Dorset Union Store celebrates 200 years with monthly giveaways


DORSET — In 1816, a building that may have been owned by Norman Blackmer and Harvey Holley was established as a retail store, and is one of the oldest country stores in the Green Mountain State. This year it turns 200.

Throughout the year the Dorset Union Store is celebrating by giving away items every month to the 200th customer. This month is a grill set with accessories such as an apron, spatula and sauces. An official event will commence on July 9 along with the Dorset Historical Society's ice cream social and the library's annual event.

"I can't believe it," owner Cindy Loudenslager said. "For a business to last 200 years, it's pretty amazing. It's hard to put into words."

Though the store doesn't have the most accurate history, the Dorset Union Store on the Dorset Green used to operate as a co-op and associated with the New England Protective Union, which offered uniform bookkeeping and partnership. It was bought by Moore Holley & Company in 1839 and acquired names such as S.F. Holly & Co. and Holley & Gray Co., according to Tyler Resch's book "Dorset, in the shadow of the marble mountain" (1989). At this point, it was a six-man partnership. Six years later the store name was changed to Underhill & Ray, and then Clark Gray in 1847.

The original name came back in 1851 when it encompassed a library space and store on the second floor. In 1926 Perry M. Peltier and Kimball O. Tifft bought the store and renamed it the Peltier & Tifft general store. Tifft sold his half in 1955 and the name was dropped to just "Peltier's."

Jay and Terri Hathaway from Connecticut bought the store in 1977 and lived with their three children on the second floor for 27 years until they sold it in 2004 to John Rushing and Ellen Stimson. Three years later Loudenslager and Gretchen Schmidt took the reins and restored the original name, once again.

Many coincidences revolve around the relationship between the current owners and the Hathaways. The Hathaways' son worked in a bank near Loudenslager when she had a career in New York City, but lived in Connecticut. The land that Loudenslager purchased belonged to Peltier's relative, and 14 people lent the Hathaways money to keep the store running at one point, in which they were later paid back, however when the store first opened, 14 people ran it. Now, Schmidt and Loudenslager are godmothers to Hathaway's grandchildren.

Loudenslager met Schmidt when Schmidt worked at the Dorset Inn and Loudenslager had started coming to Vermont on the weekends to work at the store until she finally stayed and retired from banking. Schmidt left the inn after some time as well.

"We're just stewardesses until someone else takes over," Loudenslager said, smiling at Terri Hathaway. "It looked like a fun thing to do."

Hathaway's husband passed, but was a community man and maintained the storefront while Terri did behind-the-scenes work upstairs. They first came to Dorset in 1974 to sell antiques across from the Dorset Quarry. In 2001 she bought a house on the Dorset Green and lives there still today and works in real estate.

"Our goal was to keep everything similar but more functional. The floors are the same," Loudenslager said. "The deli was here but it was in the middle. The shelves for the mailboxes are still the same."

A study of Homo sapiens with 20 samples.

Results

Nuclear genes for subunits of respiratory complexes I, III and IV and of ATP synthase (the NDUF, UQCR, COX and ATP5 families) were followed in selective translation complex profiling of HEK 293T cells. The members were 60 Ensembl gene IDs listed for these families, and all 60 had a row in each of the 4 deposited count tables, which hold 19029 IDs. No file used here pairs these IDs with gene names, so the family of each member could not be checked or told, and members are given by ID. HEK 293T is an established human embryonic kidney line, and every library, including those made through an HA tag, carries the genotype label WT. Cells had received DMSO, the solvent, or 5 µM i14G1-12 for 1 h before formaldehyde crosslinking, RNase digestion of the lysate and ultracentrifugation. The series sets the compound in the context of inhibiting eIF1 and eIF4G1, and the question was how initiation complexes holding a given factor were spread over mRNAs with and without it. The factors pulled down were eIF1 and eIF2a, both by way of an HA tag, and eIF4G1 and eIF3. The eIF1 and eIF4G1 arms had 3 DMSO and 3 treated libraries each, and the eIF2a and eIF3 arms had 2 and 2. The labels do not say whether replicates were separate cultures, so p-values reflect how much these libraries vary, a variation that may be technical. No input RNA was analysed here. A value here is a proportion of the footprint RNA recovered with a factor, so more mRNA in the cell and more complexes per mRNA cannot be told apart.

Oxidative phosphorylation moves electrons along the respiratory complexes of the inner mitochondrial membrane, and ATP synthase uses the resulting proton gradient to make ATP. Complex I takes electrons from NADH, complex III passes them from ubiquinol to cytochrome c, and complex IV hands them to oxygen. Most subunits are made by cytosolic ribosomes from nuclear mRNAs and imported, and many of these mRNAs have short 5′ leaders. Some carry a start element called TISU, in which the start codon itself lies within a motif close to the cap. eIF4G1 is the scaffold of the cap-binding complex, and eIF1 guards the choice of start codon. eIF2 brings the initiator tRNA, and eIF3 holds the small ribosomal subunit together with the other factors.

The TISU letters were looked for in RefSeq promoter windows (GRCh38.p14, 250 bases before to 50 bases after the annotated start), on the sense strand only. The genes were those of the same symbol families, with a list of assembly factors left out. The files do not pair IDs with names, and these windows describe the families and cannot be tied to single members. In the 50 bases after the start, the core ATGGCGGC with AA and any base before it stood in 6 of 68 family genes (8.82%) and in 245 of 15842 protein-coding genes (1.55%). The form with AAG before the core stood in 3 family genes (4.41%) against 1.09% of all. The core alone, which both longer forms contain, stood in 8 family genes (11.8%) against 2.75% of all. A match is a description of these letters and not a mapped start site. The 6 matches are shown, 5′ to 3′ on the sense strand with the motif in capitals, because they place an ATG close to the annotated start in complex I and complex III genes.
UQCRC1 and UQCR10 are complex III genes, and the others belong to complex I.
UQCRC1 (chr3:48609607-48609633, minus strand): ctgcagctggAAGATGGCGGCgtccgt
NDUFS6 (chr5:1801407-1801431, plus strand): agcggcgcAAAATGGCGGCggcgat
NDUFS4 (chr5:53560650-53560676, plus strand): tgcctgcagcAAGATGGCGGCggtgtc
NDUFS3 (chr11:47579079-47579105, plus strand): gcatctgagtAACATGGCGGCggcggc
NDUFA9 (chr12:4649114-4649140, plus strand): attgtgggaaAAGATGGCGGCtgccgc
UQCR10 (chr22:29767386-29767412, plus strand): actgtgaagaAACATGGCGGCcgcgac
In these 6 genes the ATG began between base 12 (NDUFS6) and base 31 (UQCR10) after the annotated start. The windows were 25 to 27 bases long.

The Vermont Store Fixture Corporation installed cabinets but because they looked too new, they had to be weathered to stick with the old country store theme. Community members still get their newspapers delivered to mailboxes in the store, too.

Even though the Hathaways and Loudenslager were outsiders, appealing to the community wasn't hard, especially with the help of Schmidt. The owner of the H.N. Williams General Store down the road labeled the Hathaways locals in their second year of business.

"She said, 'Jay and Terry aren't flatlanders,' she called us locals," Hathaway said. "I realized what a culture this was."

When Loudenslager and Schmidt took over, the Great Recession was in full swing.

"There wasn't a big business here, so we had to build it back up," Loudenslager said. "People were so used to going somewhere else. Now, there's something here for everyone. Sandwiches, and dollar sliders, but there's still a $40 bottle of olive oil on the shelf over there. Sales go up every year now."

The store has a full kitchen in the back with a deli, wine and beer, perishable food items, fresh produce, soft serve ice cream, baked goods and other Vermont made items. The kitchen used to be where dry cleaning was picked up and dropped off and there was also an area for movie rentals. It also houses a grill and smoker outside with to-go dinners made ready to order.

There are now 24 consistent employees.

On July 9 there will be old-fashioned games such as hoop rolling, with prizes, food, and banjo and fiddle music. The store will honor the Vermont Make-A-Wish Foundation and Unplugged Vermont, an organization to get children to not depend as much on technology and instead go out into nature. Both groups are close to the owners and Hathaway.

The Dorset Union Store is located at 31 Church St. and is open from 7 a.m. to 6 p.m. Sunday through Thursday, 7 a.m. to 7 p.m. Friday and Saturday.

— Makayla-Courtney McGeeney can be reached at (802)-447-7567, ext. 118.